Saturday, May 15, 2010

Tunisian Queen Lace Stitch

by M. J. Joachim
Updated 4/19/16

In my last post, I shared a simple Tunisian crochet technique with you. Today’s stitch expands on regular Tunisian crochet. It is similar to purling when you knit in that you keep the yarn in front of your stitches before making the actual stitch. I’m including two different pictures to show you exactly what I mean. Begin by creating an initial Tunisian stitch foundation row, casting loops on and off your hook.*

*Variation: If you want to make a Tunisian stitch border, make a few regular Tunisian stitch rows before starting your queen lace stitch.

Foundation Row:
Part 1 – Casting loops onto your hook

Step 1: Make a foundation chain.

Step 2: Insert hook in 2nd chain from hook and draw up a loop. (2 loops on hook)

Step 3: Keeping both loops on hook, insert hook in next chain and repeat, casting loops on your hook to the end of your chain.

Part 2 – Casting loops off of your hook

Step 4: Yarn over and draw through one loop on the hook.

Step 5: Yarn over and draw through 2 loops on the hook. Continue (yo, draw through 2 loops on the hook) until you have only 1 loop left on your hook.

Queen Lace Stitch
Step 1/second row: Keep your yarn in front of your stitches. There are 2 ways to do this. Choose the most comfortable for you.

a. Yarn over, insert hook in stitch desired, yarn over, pull up a loop.

b. Hold yarn straight down on your fabric, insert hook in desired stitch, bring yarn back up around hook, yarn over and pull up a loop.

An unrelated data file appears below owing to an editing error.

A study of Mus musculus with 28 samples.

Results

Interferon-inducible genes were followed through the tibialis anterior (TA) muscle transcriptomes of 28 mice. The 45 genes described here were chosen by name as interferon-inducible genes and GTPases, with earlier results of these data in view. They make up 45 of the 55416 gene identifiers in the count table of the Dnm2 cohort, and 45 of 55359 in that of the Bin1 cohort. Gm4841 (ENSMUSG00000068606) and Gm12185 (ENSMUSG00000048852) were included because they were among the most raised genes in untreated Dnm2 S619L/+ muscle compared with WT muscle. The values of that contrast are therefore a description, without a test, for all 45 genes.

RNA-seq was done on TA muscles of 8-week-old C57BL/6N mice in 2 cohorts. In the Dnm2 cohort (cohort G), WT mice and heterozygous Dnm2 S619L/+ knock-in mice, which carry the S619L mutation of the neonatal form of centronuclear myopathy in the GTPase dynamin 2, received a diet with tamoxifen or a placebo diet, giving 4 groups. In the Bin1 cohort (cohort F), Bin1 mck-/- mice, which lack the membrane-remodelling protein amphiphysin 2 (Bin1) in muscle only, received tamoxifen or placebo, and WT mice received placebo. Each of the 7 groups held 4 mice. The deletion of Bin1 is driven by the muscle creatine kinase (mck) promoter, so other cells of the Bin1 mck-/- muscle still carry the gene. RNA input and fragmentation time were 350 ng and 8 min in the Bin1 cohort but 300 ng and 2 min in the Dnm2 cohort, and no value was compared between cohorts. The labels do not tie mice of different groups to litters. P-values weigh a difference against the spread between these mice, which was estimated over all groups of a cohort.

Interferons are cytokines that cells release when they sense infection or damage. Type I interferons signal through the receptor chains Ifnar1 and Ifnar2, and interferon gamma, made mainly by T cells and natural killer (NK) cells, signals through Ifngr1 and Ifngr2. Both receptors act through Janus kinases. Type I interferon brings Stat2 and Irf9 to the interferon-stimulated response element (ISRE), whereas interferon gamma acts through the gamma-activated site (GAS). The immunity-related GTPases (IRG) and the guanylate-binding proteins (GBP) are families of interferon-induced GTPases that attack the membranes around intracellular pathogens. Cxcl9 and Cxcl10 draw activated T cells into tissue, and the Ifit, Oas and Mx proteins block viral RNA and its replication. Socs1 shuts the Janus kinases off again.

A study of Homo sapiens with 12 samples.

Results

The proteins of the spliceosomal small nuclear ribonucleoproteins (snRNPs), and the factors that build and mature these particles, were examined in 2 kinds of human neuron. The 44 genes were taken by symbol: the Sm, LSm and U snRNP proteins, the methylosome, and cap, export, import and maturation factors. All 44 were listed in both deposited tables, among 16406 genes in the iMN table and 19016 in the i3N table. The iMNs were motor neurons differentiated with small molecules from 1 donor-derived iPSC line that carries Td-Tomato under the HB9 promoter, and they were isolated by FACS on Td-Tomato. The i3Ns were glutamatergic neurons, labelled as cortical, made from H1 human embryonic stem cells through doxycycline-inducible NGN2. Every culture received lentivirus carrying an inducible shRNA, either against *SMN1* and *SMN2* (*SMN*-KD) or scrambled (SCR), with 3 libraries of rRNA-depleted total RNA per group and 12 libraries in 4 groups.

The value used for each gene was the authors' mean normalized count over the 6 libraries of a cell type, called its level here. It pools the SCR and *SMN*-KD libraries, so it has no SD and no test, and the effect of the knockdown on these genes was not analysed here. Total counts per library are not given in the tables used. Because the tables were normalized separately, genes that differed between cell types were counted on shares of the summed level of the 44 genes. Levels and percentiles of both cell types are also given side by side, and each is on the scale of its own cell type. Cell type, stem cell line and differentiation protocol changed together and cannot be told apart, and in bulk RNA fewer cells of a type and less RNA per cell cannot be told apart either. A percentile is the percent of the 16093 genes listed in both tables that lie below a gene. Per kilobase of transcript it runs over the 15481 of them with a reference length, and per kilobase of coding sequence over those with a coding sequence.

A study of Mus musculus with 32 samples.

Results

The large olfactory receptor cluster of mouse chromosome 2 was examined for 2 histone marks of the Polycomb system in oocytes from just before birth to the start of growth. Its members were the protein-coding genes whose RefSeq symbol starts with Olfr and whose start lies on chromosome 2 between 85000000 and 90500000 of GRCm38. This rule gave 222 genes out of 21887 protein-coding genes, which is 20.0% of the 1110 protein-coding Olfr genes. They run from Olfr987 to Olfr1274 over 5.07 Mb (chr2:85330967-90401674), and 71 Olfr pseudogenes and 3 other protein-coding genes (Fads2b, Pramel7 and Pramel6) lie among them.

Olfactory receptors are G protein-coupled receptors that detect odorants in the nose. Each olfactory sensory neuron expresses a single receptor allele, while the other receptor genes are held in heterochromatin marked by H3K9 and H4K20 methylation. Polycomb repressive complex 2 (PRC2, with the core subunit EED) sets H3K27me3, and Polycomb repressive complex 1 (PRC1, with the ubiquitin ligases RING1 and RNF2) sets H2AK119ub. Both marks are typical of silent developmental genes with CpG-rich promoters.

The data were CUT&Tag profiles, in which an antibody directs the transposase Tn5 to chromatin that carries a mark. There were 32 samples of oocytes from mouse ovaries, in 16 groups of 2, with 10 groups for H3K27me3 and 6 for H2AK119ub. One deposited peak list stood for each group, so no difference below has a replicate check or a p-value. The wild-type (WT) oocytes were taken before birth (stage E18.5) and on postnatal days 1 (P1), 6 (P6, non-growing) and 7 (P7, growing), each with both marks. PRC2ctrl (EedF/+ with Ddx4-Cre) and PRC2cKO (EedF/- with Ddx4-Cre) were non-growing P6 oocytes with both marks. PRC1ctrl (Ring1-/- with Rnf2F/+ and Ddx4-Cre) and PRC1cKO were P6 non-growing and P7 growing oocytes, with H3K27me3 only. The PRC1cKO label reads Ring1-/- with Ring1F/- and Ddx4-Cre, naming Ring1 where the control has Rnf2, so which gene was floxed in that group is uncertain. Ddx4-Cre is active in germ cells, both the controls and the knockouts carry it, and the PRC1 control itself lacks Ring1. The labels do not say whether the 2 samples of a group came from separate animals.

Once you cast on all the stitches in your row, remove them the same way you do for Tunisian stitch. Yarn over, pull through 1 loop on hook at the end of the row, yarn over, pull through 2 loops at a time until you have only 1 loop left on your hook.

Mix Tunisian and Queen Lace stitches to make different patterns. Use doily thread to make belts, string or rope to make door mats, fine knitting yarn to make lacy shawls. If you combine a large hook with a finer thread, you’ll create a more open work pattern, whereas if you use a heavy yarn with an average or smaller size hook, you’ll create a warm sturdy fabric.

It is important to keep your stitch count accurate. Do this by making sure you cast on the same amount of loops as you cast off. I often count intermittently, while I am casting on all my loops – then counting as I cast them off to make sure I don’t miss any stitches.

This is particularly important when I am working with fine thread and a larger hook. There are other variations to Tunisian crochet which I will show you as this blog progresses. In the meantime, I hope you enjoy learning and experimenting with the two I’ve already displayed.